Make the shift from homework horror time to peaceful learning moments with the family (or at least head in that direction)
Homework time can be very challenging in some homes. Personally, my two kids could not be more different on the issue of homework. My youngest will come home and start homework without being prompted. She completes what she needs to do, studies even when she already knows the material and the test is a few days away, and is running up to me to sign her homework sheet before I’ve even settled in. Her independence with her homework is a huge blessing, because it often takes all the mental and emotional energy I have left from the day to get my oldest through his homework. He is perfectly capable of doing the work, but he does not want to be bothered from his own agenda to do math worksheets, read, or study. Getting him to do the bare minimum had been a struggle almost every single day for a long time. While, it has gotten better over the years, it’s still generally a struggle.
We have finally hit the point that my son will do his 30 minutes of reading and the math worksheet without a fight to get to whatever it is he has mapped out in his mind to do for the evening. However, if any of those math problems are incorrect and he is asked to relook at something or if he is required to study for a quiz or test, I need to brace myself for a potential blowup. I’m thankful that we have learned some tricks over the years to minimize the blowups, but homework time is not perfect harmony in my house every day for sure. I’m not alone in this. Many children have stress over homework because it is challenging and there is a lot of frustration for various reasons. I have talked to many parents who feel frustrated and overwhelmed with how to help during homework time. The following are some ways that have eased tension.
Diffusing oils to help during homework time
We have been using essential oils in our home the last few years and seeing noticeable effects. I no longer use candles, plug-ins, or scent warmers in my house. I only diffuse therapeutic grade essential oils that smell amazing, but also have therapeutic properties. Different people will respond to different essential oils, so it does take some trial and error.
I remember the first time I realized the power of diffusing the right essential oils at the right time. One day my son came in agitated and I knew there was a lot of homework that evening. It was apparent that we were in for a long evening of frustration. I put two drops of vetiver and 2 two drops of wild orange in the diffuser and set it on the table beside him while I started dinner. I was shocked to see the tension decrease in his body as he worked on his homework. He continued to work diligently and responded well to corrections that needed to be made. Here are some suggestions to get you started. Also, remember that not all oil brands are the same and I do not recommend going to the store or Amazon to get oils that may have additives and are not therapeutic grade. Email me at firstname.lastname@example.org and I’ll tell you how I get therapeutic grade essential oils at 25% off retail.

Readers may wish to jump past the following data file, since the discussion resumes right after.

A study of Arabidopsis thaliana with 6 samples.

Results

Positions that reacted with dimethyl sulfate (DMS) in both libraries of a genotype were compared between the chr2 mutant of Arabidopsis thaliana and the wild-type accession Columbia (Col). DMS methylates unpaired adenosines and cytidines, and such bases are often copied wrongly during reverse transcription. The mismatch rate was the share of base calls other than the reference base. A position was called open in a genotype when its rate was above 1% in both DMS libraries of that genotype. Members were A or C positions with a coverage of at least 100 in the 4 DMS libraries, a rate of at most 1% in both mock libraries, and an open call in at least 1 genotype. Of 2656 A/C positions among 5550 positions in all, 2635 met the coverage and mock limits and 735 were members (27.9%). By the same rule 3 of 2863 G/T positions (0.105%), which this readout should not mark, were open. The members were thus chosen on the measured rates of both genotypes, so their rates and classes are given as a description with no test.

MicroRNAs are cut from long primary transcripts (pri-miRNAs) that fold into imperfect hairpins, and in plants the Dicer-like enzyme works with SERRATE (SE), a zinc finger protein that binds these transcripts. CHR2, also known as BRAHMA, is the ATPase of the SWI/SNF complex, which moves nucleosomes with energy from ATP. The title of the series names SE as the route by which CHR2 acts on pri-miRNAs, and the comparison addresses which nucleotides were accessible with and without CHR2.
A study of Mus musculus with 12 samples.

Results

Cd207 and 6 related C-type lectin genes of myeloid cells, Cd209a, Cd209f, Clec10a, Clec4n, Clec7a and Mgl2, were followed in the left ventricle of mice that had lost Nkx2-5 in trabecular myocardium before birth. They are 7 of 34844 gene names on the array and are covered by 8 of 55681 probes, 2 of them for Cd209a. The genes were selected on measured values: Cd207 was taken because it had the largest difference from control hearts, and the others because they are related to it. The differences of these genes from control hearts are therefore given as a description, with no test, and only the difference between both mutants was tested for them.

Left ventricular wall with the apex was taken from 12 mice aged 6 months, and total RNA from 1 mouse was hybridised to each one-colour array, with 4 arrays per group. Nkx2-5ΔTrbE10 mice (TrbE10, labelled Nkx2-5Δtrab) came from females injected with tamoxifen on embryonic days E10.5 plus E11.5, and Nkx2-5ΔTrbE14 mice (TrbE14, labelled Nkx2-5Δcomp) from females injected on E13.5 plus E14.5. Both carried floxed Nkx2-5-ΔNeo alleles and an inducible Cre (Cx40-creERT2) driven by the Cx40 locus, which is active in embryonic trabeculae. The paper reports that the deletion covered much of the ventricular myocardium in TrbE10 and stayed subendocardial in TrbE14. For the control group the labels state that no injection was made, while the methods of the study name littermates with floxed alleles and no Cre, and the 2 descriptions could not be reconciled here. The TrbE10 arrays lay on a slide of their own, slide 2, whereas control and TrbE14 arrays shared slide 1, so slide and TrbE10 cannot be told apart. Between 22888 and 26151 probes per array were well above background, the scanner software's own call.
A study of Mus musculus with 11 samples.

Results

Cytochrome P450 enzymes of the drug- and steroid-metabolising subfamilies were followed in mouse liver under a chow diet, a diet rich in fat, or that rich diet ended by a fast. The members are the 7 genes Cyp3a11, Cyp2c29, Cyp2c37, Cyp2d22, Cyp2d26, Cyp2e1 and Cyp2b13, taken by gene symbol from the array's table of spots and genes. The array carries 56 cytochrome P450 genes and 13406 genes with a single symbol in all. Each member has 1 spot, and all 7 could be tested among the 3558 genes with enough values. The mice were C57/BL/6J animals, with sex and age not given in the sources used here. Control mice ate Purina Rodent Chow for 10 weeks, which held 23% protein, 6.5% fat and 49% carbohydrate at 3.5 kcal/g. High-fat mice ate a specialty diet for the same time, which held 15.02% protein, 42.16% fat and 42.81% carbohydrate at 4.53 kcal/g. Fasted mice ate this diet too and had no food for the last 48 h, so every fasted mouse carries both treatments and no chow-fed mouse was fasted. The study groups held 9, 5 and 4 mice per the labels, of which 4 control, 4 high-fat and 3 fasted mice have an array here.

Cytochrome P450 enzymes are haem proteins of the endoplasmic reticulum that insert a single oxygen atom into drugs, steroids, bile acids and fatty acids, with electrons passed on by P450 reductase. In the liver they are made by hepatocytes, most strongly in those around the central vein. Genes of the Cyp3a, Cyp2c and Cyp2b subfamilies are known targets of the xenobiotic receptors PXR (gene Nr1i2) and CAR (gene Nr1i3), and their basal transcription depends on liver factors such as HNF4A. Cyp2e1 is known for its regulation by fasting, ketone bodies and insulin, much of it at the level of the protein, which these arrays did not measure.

- If your child is agitated and easily frustrated, try a calming oil such as lavender, roman chamomile, or another type of peaceful blend. Also a grounding oil such as vetiver or frankincense could be helpful.
- If your child has trouble focusing, try Vetiver. Preliminary research on essential oils for a common attention disorder has shown promising results. In 2001, Dr. Terry Friedman conducted a study that found Vetiver oil effective in treating children with a common attention disorder. Lavender increased performance by 53%, Cedarwood by 83% and Vetiver by 100%.
- If your child needs some motivation, a citrus oil could help, such as wild orange or a citrus blend. Also, the smell of peppermint can be uplifting and motivating. Some people mix citrus and peppermint oils.
Setting up a good place
• Children and adolescents need a quiet place away from distractions. It’s hard for them to focus if the television is on or if there are a lot of other distractors. If my daughter finishes her homework quickly, it’s not ok for her to turn the TV on or start up the Wii near where he is working. Also, I wouldn’t suggest having the TV on for myself during that time.
• Materials such as sharpened pencils and paper, should be kept in an available place.
• Consider whether kids should be separated or all in the same area. Find what works best for your family. Maybe it works for you to have all the kids sitting at the table for homework. My kids do better if they are working in separate areas.
Take a look at your role.
• Your attitude helps set the stage. If you are frustrated and tired from work, it’s going to rub off. Do your best to keep your own emotions in check.
• Be available for your child. Try not to hover and take them through step by step. Be nearby, ready to respond if they ask for help.
• Do a check to ensure they finished everything and that items are correct. If not, show them which areas need to be relooked at.
• Be an encourager.
• Set up a routine and expectations.
If you feel that you have tried everything and homework is too big of a struggle, do not hesitate to talk to your child’s teacher. There is usually a compromise that can work for all. Maybe expectations need to be modified. Teachers want the students to come home and spend some time practicing, not spending hours in frustration. Teachers commonly have this conversation with parents.
The information on this page is not intended to treat or cure any disease or disability and medicinal uses of these oils have not been evaluated and approved by the FDA. Many have found them useful in assisting and supporting emotions.